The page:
Robert Gates pointed a prophet’s finger at all of us
When he received the 2011 Liberty Medal at the National Constitution Center last Thursday night, former Secretary of Defense Robert M. Gates had some scathing comments about the state of our democracy.
His speech captured little attention outside of Philadelphia. And it’s a shame that it was not more widely reported, because his comments about government dysfunction were remarkable for a high-government official, even a former one.
For a very long time, Gates has had a birds-eye view of American politics. In addition to heading the Pentagon, he led the CIA and served on the White House staffs of four presidents, dating back to the last, Watergate-haunted days of the Nixon Administration . So he knows a political crisis when he sees one.
And in all his years of public service, he said, he has never been more concerned than he is now about the state of American governance. “We are now in uncharted territory when it comes to the dysfunction of our political system,” he said. “It appears that as a result of several polarizing trends in American politics and culture, we have lost the ability to execute even the basic functions of government, much less solve the most difficult and divisive problems facing this country.”
What made the indictment all the more extroardinary is that it came from the famously button-down Gates, a master of the art of measured judgments.
Gates pointed to three factors to explain the inability of politicians to make the compromises needed to get anything done: highly partisan redistricting that pushes politicians to extreme positions that cater to the base of their parties; “wave elections” that embolden the winners to impose their agenda on the other side by “brute force,” and changes in the composition of the news media that have “fueled the coarsening and dumbing-down of the national political dialogue.”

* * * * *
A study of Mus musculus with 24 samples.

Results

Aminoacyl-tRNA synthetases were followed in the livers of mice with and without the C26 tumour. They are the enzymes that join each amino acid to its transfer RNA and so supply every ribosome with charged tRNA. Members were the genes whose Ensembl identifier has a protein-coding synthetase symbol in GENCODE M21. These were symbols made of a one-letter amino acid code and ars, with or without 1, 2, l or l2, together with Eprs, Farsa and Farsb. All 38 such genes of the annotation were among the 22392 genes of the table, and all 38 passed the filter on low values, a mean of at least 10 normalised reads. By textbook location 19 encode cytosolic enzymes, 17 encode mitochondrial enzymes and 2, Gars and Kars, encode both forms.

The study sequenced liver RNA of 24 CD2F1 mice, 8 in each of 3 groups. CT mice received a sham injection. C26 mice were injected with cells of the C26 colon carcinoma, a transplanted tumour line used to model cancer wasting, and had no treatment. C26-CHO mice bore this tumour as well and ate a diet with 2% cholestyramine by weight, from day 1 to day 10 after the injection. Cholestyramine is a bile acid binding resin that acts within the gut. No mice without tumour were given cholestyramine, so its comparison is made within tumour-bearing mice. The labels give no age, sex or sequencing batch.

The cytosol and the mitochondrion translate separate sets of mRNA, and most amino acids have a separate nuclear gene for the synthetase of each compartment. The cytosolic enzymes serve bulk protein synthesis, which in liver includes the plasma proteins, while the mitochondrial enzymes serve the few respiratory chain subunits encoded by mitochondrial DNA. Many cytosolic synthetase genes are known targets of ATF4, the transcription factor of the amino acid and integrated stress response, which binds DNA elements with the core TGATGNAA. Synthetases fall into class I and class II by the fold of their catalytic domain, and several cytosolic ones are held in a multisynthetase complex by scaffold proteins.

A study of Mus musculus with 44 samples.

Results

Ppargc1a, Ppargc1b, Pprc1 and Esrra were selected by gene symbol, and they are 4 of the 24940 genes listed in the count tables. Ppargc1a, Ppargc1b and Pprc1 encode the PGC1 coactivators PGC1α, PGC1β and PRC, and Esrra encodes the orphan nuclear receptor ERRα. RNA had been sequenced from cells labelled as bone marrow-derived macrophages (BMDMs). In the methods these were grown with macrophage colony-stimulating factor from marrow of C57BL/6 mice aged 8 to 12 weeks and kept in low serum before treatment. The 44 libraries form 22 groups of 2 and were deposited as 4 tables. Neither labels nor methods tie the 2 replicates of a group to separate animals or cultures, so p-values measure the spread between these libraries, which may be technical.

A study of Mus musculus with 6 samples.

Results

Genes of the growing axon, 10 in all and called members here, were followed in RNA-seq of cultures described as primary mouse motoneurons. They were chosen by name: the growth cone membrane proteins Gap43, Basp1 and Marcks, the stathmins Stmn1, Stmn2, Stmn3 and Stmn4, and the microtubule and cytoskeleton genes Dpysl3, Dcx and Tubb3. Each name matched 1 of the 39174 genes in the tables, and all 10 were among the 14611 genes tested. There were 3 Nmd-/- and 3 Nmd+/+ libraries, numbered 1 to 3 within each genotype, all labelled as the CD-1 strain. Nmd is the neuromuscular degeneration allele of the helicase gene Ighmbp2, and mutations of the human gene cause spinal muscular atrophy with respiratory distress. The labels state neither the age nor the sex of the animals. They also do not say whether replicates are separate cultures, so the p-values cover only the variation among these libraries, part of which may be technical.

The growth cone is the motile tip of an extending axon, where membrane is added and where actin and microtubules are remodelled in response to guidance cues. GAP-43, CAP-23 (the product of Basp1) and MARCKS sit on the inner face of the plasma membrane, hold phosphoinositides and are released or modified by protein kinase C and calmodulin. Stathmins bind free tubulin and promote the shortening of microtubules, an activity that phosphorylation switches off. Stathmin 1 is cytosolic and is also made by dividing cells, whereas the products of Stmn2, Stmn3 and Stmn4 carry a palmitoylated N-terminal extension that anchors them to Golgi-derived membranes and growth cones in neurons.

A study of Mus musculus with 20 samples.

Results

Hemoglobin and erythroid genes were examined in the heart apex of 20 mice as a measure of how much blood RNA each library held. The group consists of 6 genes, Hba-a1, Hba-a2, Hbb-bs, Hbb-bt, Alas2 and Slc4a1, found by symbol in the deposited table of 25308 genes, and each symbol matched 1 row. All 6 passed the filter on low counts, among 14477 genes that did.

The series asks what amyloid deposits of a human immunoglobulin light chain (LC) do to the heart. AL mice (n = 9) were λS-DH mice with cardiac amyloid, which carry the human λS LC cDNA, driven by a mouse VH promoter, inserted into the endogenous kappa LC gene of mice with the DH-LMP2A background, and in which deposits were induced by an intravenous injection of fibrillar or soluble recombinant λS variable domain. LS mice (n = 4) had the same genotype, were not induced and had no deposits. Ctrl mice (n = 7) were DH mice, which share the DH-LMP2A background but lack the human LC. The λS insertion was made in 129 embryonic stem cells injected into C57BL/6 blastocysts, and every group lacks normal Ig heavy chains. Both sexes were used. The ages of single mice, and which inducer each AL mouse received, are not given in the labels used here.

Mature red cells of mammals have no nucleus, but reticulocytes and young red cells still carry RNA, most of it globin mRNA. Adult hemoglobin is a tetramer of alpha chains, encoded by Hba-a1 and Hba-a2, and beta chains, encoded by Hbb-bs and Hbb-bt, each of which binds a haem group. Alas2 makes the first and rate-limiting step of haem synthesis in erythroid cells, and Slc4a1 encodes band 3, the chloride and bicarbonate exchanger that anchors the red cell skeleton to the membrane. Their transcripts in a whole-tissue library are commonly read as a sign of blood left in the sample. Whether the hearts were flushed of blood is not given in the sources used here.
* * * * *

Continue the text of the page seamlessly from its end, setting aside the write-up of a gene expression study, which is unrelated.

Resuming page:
Those are frequently noted failings of our political system, and you could add others to the list: the role of big money in politics, special-interest lobbying, Senate rules that require a 60-vote super-majority to pass any significant piece of legislation.
The speech struck a nerve. Guests invited to the ceremony gave it rave reviews, which you might expect. Many were there because they admired him. But the most meaningful response to me came from someone watching at home, who left a comment on Constitution Daily.
“I think Dr. Gates was right on the money,” said Peggy Garrity. “This is something I’ve been saying for a year though not as articulately as he did. If only people will listen, and demand that our representatives work together for the future of our country, we can come out of this.”
For my money, that put just the right coda on Gates’ address. The Constitution Gates has sworn to support and defend seven times in his long and illustrious career is designed to give us only the government we deserve.
After all, who is responsible for the outcome of the “wave” elections about which he spoke? And who consumes the “dumbed down” political dialogue propagated by a changing media?
In what was the most searing passage of his speech, Gates said: “Those who think they alone have the right answers, who demonize those who think differently, and who refuse to listen and take other points of view into account – these leaders are a danger to the American people and to our future.” But they are a danger only if we elect them.
Gates in his remarkable address pointed a prophet’s accusing finger. And Garrity had the wisdom to realize that, in the end, it points at all of us.
Steve Frank is the editor of Constitution Daily.